November 13, 2017
We have a matching fund for Hurricane Irma relief MEDICC donations to Cuba. We have a matching fund of $11.000, so that every dollar you give, we double. On top of that, MEDICC doubles donations itself, through the end of this year, so that every dollar you give becomes four dollars. If we can meet our match of $11,000, then in total, $44,000 will be sent to Cuba. As of today we have sent $21,000.
Hurricane Irma was the first Category 5 hurricane to hit Cuba since 1952. Yet this has not stopped the US blockaded country of Cuba from sending aid and medical professions to neighboring countries devastated by the hurricanes. Let us respond in the spirit of solidarity that Cuba so exemplifies to the world.
You may write a check payable to “MEDICC,” and mail your check to:
Stansfield Smith or Gisela Lopez
2961 S. Bonaparte 7617 N. Eastlake Terrace
Chicago, IL 60608 Chicago, IL 60626
Thank from the sponsors,
Chicago ALBA Solidarity & mltoday.com & Wisconsin Coalition to Normalize Relations with Cuba
Cuban Foreign Minister Bruno Rodríguez, speaking in the UN this Monday, September 18, noted that the island is advancing in its recovery following the devastating impact of Hurricane Irma, and will not abandon any of those people affected to their own fate.
“The fruits of years of intense work by our people were erased by Irma in just a few hours. But the hurricane did not break Cubans’ spirit of resistance,” Rodríguez stressed in a UN General Assembly event on Hurricane Irma, to address the consequences in the Caribbean region and recovery efforts.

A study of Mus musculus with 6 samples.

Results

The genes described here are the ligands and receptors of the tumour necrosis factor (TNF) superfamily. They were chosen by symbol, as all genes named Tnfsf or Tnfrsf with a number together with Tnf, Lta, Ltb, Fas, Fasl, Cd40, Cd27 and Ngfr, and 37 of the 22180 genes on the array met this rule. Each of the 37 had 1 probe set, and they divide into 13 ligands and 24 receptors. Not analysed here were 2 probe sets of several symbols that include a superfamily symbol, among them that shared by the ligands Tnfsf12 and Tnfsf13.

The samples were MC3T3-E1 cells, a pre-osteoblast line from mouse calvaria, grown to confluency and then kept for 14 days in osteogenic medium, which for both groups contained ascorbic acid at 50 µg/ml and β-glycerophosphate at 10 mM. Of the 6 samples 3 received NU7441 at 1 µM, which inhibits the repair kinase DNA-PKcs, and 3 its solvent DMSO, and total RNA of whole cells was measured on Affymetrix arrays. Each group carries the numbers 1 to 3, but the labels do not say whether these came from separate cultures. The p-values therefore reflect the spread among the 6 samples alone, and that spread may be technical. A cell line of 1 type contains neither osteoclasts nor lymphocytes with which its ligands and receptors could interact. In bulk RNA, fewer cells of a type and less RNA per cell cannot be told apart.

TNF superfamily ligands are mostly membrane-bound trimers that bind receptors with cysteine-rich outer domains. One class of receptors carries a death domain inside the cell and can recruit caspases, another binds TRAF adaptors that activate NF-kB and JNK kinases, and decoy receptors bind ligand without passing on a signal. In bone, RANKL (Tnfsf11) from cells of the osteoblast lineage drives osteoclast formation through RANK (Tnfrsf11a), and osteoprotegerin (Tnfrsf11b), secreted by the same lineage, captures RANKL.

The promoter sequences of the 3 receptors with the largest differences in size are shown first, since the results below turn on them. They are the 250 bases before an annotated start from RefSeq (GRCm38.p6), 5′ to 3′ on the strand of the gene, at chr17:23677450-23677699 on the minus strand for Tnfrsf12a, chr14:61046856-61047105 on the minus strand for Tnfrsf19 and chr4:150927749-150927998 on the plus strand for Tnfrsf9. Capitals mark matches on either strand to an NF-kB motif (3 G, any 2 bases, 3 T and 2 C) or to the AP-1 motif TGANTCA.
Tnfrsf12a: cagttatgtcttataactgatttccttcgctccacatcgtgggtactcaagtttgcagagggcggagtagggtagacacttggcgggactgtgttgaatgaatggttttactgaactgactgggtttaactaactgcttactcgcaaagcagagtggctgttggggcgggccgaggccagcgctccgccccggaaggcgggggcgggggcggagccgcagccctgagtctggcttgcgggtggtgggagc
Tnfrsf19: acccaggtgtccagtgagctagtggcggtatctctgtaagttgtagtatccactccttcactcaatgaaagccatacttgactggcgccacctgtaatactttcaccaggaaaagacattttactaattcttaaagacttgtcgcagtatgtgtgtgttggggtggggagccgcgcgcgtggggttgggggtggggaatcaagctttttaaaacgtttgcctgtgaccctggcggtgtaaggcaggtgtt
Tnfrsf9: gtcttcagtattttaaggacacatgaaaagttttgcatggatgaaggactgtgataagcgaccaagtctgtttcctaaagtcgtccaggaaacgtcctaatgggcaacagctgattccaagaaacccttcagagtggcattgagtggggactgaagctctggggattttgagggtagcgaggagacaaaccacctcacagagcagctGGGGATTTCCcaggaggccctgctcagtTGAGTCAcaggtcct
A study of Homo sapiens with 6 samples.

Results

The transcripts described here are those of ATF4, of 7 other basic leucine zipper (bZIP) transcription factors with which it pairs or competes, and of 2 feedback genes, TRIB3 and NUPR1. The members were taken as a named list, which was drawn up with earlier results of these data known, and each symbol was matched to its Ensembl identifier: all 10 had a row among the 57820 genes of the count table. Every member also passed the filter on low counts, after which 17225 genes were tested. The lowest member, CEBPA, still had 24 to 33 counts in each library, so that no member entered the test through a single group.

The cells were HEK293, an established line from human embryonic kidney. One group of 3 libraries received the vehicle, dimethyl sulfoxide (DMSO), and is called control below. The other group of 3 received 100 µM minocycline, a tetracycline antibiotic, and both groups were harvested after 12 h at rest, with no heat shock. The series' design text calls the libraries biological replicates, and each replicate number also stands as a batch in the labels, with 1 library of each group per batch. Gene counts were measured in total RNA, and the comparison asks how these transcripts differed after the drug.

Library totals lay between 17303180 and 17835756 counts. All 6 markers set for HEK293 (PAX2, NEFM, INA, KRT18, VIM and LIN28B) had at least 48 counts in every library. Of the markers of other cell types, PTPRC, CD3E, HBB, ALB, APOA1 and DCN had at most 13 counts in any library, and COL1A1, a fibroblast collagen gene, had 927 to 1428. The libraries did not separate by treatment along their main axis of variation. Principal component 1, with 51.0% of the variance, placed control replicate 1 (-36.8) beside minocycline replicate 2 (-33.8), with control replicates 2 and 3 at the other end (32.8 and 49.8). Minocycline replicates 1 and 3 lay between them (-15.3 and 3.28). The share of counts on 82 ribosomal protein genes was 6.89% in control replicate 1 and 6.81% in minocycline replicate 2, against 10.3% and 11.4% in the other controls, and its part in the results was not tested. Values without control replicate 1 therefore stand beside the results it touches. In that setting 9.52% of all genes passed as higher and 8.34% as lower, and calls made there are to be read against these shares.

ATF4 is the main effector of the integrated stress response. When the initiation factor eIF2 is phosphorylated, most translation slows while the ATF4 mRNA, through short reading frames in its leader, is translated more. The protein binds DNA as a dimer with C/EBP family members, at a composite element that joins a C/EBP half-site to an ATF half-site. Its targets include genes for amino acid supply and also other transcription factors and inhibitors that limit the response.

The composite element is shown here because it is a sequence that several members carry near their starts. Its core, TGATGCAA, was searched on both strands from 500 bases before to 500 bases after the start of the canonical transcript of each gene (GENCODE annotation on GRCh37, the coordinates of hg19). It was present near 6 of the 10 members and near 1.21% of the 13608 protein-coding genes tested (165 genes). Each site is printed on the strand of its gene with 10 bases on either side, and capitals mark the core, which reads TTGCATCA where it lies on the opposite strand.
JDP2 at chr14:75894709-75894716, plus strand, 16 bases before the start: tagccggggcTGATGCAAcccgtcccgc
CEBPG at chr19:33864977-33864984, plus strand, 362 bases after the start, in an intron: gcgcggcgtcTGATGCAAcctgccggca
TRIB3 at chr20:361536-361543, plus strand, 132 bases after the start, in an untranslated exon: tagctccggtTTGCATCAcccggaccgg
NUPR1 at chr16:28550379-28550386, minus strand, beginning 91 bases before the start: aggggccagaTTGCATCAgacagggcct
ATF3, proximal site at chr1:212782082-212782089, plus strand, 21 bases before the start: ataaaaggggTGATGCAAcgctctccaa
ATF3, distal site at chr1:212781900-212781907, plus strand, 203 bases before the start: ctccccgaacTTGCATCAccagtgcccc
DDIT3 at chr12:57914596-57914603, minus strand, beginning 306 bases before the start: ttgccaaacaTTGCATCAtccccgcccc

Rodríguez recalled the recent words of President Raúl Castro, who referring to the damages caused by Irma emphasized that the Cuban people are “regenerated with every adversity.”
“As it has always been throughout the Cuban Revolution, all necessary resources will be used to ensure that no one is left defenseless,” he added.
The diplomat took the opportunity “to thank the numerous demonstrations of solidarity and offers of assistance received from numerous governments, parliaments, international organizations and civil society.”
“The hurricane battered Cuba for more than 72 hours, in particular it struck almost all of the north of the country.
“Virtually no territory of the archipelago was spared its effects. Despite the huge prevention measures taken, we suffered the loss of ten lives,” he stated.
Rodríguez also expressed condolences to all the countries and territories affected by the hurricane and ratified Cuba’s willingness to “cooperate within our modest possibilities with the sisterly peoples affected by the hurricane.”
The Cuban Foreign Minister urged the international community to mobilize aid to the Caribbean region, prioritizing those states and territories that, due to their small size, population and limited recovery capabilities, will face the greatest challenges.
He noted that phenomena such as Irma demonstrate the importance of confronting climate change, under the principles of common but differentiated responsibilities, and in particular the need for special and differential treatment of Small Island States, such as the sister nations of Cuba that were seriously affected.